Moon Shadow: Watch The Great American Eclipse

written by: Mary Brown Malouf

“A crescent shadow starts eating away the sun, but nothing spectacular happens for quite awhile. Then, just as the eclipse is about to begin, the sky darkens like twilight, birds stop singing and get ready to roost—they think night is coming. A shadow comes rushing across the landscape and when you look up, it’s like a science fiction film: The sun is a black disk with filmy spooky light streaming out from it. It’s dark in the middle of the day—almost a sacred feeling.” Joe Bauman, a retired journalist, writer and local amateur astronomer, describes the first eclipse he witnessed. Since then, he has experienced four more.

On August 21 the sun will disappear from the sky in much of the country during the first total eclipse of the sun in 38 years—the first to cross the United States since 1918. The swath of total shadow will run diagonally from Oregon, where the sun will rise while totally eclipsed, southeast to Georgia. The whole event will affect the U.S. for only about an hour and a half; at the center line of the path, the sun will be dark for about two minutes.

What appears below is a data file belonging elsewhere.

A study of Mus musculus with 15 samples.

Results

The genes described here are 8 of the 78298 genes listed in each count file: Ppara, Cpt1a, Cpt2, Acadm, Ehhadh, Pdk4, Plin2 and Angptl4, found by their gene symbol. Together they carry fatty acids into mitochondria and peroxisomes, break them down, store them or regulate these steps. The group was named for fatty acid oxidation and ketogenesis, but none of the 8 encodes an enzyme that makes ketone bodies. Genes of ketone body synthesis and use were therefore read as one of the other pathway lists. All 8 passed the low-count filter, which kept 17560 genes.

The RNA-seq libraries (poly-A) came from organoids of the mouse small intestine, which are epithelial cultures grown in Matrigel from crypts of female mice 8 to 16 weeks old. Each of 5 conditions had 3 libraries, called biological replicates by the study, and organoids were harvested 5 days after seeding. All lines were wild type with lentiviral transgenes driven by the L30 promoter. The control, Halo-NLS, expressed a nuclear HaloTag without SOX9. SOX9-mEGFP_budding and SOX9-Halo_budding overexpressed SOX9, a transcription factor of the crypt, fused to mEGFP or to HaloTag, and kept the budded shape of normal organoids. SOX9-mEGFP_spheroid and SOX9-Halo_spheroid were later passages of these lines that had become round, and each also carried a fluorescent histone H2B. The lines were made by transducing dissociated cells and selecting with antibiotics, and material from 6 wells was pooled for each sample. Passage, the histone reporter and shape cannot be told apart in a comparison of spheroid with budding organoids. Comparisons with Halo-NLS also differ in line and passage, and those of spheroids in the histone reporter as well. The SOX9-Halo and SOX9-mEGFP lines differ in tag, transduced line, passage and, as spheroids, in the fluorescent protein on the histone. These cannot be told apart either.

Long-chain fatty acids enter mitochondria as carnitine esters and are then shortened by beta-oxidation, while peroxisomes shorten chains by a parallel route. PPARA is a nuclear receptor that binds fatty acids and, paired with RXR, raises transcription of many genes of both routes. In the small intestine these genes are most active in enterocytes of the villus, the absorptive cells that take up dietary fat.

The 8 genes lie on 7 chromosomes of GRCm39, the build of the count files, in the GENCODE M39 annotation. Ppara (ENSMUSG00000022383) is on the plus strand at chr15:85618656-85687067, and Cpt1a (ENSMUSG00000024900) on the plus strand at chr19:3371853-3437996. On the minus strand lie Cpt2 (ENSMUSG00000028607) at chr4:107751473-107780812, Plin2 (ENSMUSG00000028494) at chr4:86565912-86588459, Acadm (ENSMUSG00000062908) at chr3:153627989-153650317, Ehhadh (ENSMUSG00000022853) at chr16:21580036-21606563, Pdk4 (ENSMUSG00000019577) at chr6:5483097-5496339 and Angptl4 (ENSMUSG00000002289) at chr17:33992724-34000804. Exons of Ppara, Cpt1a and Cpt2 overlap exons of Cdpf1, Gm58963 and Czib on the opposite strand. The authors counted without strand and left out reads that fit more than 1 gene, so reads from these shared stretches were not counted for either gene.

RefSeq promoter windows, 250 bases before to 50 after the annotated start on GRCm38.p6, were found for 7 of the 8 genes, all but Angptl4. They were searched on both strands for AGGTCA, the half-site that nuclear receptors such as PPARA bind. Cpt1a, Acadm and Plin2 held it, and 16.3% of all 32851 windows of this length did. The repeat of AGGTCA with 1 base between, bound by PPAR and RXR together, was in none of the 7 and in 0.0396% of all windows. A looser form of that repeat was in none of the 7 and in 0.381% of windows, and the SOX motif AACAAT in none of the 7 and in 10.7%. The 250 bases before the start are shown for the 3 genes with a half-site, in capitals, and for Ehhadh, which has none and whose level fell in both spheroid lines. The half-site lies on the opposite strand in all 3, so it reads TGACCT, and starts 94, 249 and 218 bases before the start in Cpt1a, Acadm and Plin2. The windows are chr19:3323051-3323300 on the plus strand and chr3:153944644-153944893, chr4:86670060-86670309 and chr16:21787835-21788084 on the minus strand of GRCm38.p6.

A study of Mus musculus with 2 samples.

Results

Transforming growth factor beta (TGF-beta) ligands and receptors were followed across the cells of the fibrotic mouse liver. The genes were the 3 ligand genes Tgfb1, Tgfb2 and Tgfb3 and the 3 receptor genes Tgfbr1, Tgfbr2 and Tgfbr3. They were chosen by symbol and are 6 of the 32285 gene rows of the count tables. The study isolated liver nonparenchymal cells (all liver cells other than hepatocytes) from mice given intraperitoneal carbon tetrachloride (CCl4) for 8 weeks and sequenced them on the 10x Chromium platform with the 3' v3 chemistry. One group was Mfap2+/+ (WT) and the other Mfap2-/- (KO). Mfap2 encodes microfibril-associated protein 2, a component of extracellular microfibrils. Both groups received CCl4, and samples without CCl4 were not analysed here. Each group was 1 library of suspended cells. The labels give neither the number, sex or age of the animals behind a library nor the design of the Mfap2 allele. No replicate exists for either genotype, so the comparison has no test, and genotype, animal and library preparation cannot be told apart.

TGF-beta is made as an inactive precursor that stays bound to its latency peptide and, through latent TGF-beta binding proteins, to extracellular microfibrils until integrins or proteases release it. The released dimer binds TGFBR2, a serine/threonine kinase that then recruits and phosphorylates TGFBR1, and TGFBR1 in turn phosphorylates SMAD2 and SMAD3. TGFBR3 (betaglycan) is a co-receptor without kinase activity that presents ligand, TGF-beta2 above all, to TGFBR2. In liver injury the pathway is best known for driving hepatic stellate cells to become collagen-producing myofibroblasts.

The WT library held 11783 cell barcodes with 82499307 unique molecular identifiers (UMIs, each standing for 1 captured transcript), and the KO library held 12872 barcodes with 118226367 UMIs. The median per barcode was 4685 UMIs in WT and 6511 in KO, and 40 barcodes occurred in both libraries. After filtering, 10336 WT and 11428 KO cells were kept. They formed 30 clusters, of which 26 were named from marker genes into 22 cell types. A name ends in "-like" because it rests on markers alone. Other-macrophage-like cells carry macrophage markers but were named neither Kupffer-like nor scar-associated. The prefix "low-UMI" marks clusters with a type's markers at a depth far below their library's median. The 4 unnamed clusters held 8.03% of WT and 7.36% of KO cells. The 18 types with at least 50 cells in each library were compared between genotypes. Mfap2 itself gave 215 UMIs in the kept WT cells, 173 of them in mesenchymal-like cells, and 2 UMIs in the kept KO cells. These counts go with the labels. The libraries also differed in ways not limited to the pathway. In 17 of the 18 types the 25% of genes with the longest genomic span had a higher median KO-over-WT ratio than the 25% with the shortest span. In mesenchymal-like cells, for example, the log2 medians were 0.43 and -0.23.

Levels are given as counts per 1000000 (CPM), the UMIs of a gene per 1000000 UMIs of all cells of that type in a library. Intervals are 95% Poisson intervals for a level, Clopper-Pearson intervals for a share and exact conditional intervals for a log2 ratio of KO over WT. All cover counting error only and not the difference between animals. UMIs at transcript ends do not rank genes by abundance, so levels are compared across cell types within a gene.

People travel from all over the world to view an eclipse, gambling that the weather will be clear enough to actually see it. In Hawaii in 1991, eclipse tourists only saw the clouds get darker.

Utahns don’t have far to travel to not see the sun this August: Parts of Idaho, Wyoming and Oregon are all within the 70-mile-wide path of totality. In Salt Lake City itself, the eclipse will be 91 percent total. “But a partial eclipse is nothing like a total eclipse,” says Bauman. “It’s one of the most beautiful things you can see in Nature.”


 – Give yourself plenty of time to get there—traffic could keep you from seeing the phenomenon. You don’t want to be sitting in your car when the sun goes dark.

 – Don’t ever look at eclipse with your naked eye until totality—it can damage your eyes. Wear eclipse glasses or use a pinhole viewer.

 – If you don’t have a filter, don’t take a photograph until it’s total.

 – Look away instantly when you see the “diamond ring” effect as the eclipse is ending. That’s the brilliant light flash as the sun’s corona is uncovered.

 – Most importantly, don’t lose the wonder of the moment in the recording of it.

You’ll want to be somewhere in the yellow band on eclipse day.

Mary Brown Malouf
Mary Brown Malouf is the late Executive Editor of Salt Lake magazine and Utah's expert on local food and dining. She still does not, however, know how to make a decent cup of coffee.